Iraqi security forces and allied Sunni and Shiite fighters launched a large-scale operation to retake the city of Tikrit from the hands of ISIS militants Monday, according to Iraqi state TV.
The operation to take the city — which is the hometown and onetime stronghold of the country’s former dictator Saddam Hussein — is part of a wider campaign to retake a large swath of northern Iraqi territory held by ISIS, the Associated Press said.
Tikrit — located 80 miles north of Baghdad — was one of several areas in northern Iraq that fell into ISIS hands last summer, along with the county’s second largest city, Mosul. It remains one of the largest cities the group holds.
So far, Iraqi security forces have been unable to take Tikrit — which lies in a strategically important position that could pave the way to the eventual recapture of Mosul — but they recently were able to seize the nearby refinery town of Beijji with the help of airstrikes from the U.S.-led coalition against ISIS, AP reported.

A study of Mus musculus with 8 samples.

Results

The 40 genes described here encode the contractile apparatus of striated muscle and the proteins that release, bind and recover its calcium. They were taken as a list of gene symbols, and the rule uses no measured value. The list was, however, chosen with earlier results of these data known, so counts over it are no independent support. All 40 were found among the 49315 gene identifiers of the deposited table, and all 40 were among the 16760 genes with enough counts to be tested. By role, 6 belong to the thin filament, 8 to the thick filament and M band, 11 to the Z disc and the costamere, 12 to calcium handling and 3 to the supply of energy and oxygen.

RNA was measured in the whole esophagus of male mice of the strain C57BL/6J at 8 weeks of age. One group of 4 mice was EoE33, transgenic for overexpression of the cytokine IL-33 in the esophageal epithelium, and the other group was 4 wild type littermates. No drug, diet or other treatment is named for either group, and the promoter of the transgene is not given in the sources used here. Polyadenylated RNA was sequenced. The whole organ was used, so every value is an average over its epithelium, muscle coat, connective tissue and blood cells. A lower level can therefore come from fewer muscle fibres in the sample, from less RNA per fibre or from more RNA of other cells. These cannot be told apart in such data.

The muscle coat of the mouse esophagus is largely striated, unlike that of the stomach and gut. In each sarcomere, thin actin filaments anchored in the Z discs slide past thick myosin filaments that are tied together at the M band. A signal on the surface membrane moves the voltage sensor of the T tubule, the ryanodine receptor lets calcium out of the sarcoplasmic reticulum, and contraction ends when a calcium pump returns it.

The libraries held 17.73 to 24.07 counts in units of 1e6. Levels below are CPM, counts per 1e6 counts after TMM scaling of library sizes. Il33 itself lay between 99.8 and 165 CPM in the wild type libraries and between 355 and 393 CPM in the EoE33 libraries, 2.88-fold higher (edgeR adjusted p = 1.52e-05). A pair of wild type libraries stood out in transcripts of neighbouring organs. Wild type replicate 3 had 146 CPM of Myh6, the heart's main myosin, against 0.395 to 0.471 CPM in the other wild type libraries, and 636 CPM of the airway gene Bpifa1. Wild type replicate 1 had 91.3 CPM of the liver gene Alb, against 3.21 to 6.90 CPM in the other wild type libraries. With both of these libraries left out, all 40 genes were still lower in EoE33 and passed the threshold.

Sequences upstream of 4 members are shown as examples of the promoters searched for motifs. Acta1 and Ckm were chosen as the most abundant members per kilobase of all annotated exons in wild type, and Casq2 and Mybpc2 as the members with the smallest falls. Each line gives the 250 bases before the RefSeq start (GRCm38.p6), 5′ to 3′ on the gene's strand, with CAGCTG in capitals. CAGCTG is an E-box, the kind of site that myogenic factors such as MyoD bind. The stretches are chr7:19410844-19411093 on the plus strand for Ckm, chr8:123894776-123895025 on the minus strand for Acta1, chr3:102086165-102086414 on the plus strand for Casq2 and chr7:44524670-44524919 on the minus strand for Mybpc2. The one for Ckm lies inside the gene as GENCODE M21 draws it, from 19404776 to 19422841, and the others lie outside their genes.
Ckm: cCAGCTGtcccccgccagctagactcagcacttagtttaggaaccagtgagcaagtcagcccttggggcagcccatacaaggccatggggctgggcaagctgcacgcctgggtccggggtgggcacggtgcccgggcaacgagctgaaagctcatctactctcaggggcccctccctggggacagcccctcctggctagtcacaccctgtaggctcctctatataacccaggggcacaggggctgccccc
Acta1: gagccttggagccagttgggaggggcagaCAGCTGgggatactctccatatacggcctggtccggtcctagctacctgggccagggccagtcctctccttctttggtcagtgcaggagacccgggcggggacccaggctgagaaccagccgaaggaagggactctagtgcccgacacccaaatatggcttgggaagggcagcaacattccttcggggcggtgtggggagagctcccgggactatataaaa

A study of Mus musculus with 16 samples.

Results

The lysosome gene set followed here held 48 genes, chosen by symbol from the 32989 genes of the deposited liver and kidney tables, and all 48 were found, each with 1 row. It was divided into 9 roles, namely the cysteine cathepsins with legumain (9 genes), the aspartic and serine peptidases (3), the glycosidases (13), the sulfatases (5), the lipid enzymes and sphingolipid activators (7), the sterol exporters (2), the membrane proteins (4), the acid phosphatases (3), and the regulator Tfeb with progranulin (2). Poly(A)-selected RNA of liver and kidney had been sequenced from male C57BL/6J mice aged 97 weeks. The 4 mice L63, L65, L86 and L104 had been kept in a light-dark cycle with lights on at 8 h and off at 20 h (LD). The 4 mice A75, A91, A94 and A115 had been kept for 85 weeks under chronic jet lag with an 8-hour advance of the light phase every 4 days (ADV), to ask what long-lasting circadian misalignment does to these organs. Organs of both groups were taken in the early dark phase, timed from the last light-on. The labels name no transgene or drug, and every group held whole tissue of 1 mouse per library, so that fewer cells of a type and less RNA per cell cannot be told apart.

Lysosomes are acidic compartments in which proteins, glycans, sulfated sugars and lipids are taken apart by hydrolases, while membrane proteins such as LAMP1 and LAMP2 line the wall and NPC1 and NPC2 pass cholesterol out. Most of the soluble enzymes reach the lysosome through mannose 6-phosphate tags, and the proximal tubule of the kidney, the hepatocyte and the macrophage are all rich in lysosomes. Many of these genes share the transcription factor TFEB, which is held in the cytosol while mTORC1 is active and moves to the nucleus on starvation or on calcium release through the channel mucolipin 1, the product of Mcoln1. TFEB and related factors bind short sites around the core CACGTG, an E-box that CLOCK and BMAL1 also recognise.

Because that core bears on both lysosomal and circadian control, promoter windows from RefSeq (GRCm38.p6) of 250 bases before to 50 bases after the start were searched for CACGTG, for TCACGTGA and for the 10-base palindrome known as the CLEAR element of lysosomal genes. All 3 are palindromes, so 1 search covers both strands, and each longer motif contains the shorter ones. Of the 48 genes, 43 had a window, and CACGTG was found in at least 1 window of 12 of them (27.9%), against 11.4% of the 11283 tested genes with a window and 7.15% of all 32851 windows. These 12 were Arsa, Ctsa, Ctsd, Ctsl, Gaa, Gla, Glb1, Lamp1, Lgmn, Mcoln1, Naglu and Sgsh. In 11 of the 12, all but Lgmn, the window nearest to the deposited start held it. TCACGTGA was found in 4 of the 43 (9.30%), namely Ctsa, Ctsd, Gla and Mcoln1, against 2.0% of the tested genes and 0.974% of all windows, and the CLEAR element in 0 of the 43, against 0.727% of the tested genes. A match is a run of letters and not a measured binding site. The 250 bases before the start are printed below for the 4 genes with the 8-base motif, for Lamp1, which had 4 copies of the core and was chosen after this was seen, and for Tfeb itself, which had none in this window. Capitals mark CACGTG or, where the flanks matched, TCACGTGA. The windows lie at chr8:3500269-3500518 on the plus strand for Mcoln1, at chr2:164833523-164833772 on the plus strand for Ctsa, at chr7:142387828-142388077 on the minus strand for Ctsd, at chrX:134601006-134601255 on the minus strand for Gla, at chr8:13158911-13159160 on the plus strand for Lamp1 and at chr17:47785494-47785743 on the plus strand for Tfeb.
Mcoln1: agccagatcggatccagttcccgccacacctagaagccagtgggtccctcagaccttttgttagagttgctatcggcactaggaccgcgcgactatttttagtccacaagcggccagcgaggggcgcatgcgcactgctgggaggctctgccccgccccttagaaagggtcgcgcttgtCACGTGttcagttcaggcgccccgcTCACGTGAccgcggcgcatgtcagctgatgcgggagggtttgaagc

The Al-Iraqiya TV station had said security forces were attacking Tikrit from different directions earlier on Monday, and had managed to dislodge militants from some parts of the city’s outskirts with the help of artillery and Iraqi airstrikes, according to AP. No further details had been given several hours into the operation.
The station said that an umbrella group of Shia militiamen known as the the Popular Mobilization Forces are among those assisting in the operation, the BBC reported.
The BBC’s correspondent in the region estimated that around 4,500 militiamen are taking part in the offensive.